The White House Office of Intergovernmental Affairs will host a meeting this week with federal, state and local transportation officials to discuss investment ideas for President Donald Trump's proposed $1 trillion infrastructure spend, according to the American Association of State Highway and Transportation Officials.
The group will explore various approaches to infrastructure financing and planning, draft a set of "guiding principles" and come up with ideas to take back to their state and local communities.
Outcomes from the meeting, which will include Transportation Secretary Elaine Chao, could help drive the infrastructure conversation when federal lawmakers return from summer recess.
What started as a campaign rallying cry — the president's big infrastructure plans — has so far resulted mostly in suggestions for cuts to long-time grant programs. Among them is the Transportation Investment Generating Economic Recovery (TIGER) grants, although the administration has retained the Infrastructure for Rebuilding America (INFRA) grant program, formerly known as FASTLANE (Fostering Advancements in Shipping and Transportation for the Long-term Achievement of National Efficiencies).
Lawmakers have also heard testimony from recipients of Transportation Infrastructure Finance and Innovation Act (TIFIA) loans as a precursor to a possible expansion of that program. The administration has expressed a desire to maintain a focus on rural projects that find it hard to secure either grants or loans, something that will also be discussed at the White House meeting.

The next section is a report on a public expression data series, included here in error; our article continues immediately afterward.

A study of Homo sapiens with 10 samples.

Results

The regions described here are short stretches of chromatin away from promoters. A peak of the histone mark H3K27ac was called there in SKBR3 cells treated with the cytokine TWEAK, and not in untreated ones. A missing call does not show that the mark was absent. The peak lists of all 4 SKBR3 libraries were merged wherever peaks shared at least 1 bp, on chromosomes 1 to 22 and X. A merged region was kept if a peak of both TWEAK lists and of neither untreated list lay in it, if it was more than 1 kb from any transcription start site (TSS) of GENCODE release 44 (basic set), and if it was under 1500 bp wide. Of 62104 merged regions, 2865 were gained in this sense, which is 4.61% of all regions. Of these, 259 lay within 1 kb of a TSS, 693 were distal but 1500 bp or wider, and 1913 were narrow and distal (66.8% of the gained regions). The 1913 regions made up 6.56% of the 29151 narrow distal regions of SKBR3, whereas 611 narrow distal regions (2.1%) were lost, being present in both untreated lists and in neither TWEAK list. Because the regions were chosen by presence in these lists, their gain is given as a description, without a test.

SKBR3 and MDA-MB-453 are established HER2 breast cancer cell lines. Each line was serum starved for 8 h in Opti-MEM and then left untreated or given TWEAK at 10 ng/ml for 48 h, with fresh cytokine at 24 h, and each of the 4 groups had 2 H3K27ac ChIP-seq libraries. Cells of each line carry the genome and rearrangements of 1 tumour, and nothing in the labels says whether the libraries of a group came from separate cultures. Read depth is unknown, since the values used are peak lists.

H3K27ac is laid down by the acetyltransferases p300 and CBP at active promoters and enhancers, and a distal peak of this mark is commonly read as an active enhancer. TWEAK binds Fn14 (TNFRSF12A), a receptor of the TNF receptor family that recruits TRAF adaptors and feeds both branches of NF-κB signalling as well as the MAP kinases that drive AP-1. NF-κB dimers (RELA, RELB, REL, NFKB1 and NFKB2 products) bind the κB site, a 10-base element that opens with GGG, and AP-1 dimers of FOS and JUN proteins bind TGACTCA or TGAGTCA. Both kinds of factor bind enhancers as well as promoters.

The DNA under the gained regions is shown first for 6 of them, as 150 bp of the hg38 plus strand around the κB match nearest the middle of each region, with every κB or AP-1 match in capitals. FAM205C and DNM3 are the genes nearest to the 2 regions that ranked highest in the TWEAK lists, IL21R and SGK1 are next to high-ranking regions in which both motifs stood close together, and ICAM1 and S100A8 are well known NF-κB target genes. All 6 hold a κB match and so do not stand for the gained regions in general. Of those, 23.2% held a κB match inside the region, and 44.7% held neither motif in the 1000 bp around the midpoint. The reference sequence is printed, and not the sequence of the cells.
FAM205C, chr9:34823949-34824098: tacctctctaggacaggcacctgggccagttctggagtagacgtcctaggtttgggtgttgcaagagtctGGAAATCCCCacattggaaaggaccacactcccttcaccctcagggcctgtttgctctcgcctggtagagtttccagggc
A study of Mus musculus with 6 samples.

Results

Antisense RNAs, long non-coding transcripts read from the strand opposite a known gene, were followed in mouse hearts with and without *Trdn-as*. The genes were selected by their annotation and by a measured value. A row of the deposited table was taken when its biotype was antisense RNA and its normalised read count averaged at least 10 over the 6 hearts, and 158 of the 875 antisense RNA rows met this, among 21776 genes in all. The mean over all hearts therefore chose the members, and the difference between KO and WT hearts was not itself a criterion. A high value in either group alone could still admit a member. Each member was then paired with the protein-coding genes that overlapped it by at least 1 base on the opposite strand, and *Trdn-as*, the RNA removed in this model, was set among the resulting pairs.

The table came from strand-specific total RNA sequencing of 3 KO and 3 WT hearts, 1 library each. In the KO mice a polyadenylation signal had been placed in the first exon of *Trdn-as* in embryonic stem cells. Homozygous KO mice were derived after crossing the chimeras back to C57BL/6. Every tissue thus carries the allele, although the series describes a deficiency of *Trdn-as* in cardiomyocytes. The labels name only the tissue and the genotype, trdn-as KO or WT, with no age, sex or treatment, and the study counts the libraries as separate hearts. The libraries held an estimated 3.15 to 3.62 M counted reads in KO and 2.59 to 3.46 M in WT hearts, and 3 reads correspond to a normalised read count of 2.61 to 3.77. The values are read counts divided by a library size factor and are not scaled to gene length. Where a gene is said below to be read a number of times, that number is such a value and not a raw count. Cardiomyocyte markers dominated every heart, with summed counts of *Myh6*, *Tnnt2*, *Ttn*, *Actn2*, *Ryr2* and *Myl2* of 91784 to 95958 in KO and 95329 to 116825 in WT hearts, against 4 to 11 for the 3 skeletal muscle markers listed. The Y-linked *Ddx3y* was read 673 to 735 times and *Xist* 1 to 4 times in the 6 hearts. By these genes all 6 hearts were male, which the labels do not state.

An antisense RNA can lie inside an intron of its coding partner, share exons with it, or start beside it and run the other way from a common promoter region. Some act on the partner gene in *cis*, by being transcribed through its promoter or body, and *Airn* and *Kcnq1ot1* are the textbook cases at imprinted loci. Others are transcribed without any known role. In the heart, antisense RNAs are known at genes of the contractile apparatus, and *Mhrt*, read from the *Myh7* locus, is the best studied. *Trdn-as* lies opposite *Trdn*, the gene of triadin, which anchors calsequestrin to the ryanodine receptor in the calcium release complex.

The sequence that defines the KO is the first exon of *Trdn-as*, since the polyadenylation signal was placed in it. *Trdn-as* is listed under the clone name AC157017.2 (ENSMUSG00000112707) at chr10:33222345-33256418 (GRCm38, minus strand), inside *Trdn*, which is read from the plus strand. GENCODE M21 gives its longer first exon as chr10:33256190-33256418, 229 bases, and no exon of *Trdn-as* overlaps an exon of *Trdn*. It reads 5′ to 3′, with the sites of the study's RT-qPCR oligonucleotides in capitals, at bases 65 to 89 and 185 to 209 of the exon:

Major infrastructure players are preparing to take on big projects by strengthening their operations through mergers and acquisitions, as well as through multibillion-dollar spending programs.
Earlier this month, Jacobs Engineering announced that it would buy CH2M Hill in a $2.85 billion transaction. In July, AECOM made a $175 million deal to buy Shimmick Construction, a California-based contractor with a $1.35 billion backlog of projects in the Western U.S. AECOM previously announced a five-year, $3.5 billion plan to become the largest infrastructure contractor in the world.
Industry observers say consolidation among companies will concentrate expertise at the levels needed to pursue the expected avalanche of work, even though that could be two or three years away.